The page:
MPs Are Calling For An Inquiry Into The Menopause & Workplace Discrimination
A new survey shows that three in five menopausal people have had a negative experiences at work.
A new parliamentary inquiry has been launched by the Women and Equalities Committee to examine if current laws do enough to prevent workplace discrimination against people experiencing the menopause.
The inquiry is currently accepting submissions in its call for evidence, which will be open until September 17, 2021. Within it, the Women and Equalities Committee are asking questions such as:
- How can practices addressing workplace discrimination relating to menopause be implemented? For example, through guidance, advice, adjustments, or enforcement.
- How should people who experience the menopause but do not identify as women be supported in relation to menopause and the workplace?
- How well does current legislation protect women from discrimination in the workplace associated with the menopause?
According to a survey conducted by BUPA and the Chartered Institute for Personnel and Development (CIPD) in 2019, three in five menopausal people between the age of 45 and 55 have had a negative experience in the workplace. The same survey found that almost 900,000 people had left their jobs because of menopausal symptoms.
Speaking about these findings, the Women and Equalities Committee said people in this age group “are likely to be eligible for senior management roles, and so their exit can lessen diversity at executive levels. It can also contribute to the gender pay-gap and feed into a disparity in pensions.” According to Bloomberg, people in this age group account for 11% of the workforce in the G7 Industrialised Nations.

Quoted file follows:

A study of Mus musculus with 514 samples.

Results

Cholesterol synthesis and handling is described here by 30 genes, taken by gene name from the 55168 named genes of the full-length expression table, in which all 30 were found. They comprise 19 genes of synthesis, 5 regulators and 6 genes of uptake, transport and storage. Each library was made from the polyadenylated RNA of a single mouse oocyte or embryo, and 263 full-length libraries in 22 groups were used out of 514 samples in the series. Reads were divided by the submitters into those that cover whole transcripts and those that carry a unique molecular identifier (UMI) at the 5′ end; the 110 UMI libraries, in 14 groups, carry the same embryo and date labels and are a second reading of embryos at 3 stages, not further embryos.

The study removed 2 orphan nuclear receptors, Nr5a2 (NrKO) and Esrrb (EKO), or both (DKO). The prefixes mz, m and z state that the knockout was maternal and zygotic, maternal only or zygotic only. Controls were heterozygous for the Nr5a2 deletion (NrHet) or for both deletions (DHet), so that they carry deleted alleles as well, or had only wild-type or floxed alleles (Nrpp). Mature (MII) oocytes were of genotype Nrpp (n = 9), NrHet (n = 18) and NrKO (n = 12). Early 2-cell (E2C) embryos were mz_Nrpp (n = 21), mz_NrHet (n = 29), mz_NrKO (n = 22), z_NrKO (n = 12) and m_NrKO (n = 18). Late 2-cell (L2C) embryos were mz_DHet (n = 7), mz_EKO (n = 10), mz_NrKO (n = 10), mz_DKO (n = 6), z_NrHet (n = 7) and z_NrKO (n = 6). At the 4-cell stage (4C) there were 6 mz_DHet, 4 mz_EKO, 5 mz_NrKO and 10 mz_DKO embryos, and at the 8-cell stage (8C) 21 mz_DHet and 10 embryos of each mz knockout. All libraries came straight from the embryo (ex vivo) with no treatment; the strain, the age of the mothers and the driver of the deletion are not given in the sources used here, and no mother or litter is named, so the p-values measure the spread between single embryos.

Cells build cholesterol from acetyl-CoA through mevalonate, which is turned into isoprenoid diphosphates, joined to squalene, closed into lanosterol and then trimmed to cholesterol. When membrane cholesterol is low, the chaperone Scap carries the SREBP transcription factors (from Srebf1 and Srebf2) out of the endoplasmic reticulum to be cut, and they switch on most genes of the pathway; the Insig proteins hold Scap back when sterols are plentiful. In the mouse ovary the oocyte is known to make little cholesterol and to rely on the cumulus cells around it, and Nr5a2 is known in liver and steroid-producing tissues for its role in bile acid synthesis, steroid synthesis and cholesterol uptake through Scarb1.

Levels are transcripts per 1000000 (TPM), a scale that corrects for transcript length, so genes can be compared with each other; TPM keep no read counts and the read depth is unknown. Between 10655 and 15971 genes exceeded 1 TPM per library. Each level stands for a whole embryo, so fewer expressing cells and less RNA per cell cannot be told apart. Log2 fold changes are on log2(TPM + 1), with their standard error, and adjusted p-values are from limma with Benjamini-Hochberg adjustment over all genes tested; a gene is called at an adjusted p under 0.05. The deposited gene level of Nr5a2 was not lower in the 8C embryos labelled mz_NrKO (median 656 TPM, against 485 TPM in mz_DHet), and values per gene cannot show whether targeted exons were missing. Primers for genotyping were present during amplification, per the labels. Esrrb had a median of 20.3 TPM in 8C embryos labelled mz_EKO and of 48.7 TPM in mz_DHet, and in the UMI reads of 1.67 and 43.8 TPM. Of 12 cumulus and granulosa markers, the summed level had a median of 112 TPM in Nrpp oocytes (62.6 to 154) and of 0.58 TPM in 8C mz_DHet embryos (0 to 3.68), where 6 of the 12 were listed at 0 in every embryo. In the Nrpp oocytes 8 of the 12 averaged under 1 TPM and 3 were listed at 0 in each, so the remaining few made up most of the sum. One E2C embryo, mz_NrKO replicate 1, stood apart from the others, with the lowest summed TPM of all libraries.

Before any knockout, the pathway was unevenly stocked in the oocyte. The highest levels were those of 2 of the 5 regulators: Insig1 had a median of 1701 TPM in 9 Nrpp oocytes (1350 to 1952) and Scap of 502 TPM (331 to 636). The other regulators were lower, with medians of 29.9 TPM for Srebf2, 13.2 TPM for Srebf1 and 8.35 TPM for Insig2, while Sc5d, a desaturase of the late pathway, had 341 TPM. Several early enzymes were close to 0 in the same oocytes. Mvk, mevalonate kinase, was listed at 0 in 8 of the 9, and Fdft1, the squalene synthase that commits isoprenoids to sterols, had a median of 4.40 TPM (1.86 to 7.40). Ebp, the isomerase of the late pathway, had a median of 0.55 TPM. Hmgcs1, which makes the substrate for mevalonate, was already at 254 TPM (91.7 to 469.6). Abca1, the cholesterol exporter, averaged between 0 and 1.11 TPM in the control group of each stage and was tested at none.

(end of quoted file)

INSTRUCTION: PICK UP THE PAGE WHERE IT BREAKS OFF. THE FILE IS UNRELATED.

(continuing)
Committee Chair Carolyn Noakes told the Guardian that “[e]xcluding menopausal women from the workplace is detrimental to our economy, our society and our place on the world stage.”
Noakes added, “Despite the fact that hundreds of thousands of women in the UK are currently going through the menopause – a process that can be both physically and mentally draining – it is ignored in legislation. It is time to uncover and address this huge issue, which has been left near-invisible for far too long.”
Currently, under the Equality Act 2010, menopause discrimination falls under three protected characteristics: age, sex, and disability discrimination. Safe working is also protected under the Health and Safety at Work Act 1974.
However, MPs have called for further protection, demanding a specific menopause workplace policy. In 2019, Labour politician Carolyn Harris said, “You wouldn’t dream of having a workplace where people weren’t entitled to certain things because they were pregnant, and it’s exactly the same for women with the menopause.”
Conservative politician Rachel Maclean also highlighted that the menopause is poorly understood by employers, and that “menopause is the last taboo because it is still hidden and it only affects women and it only affects older women. It’s ageism, it’s sexism, all rolled into one.”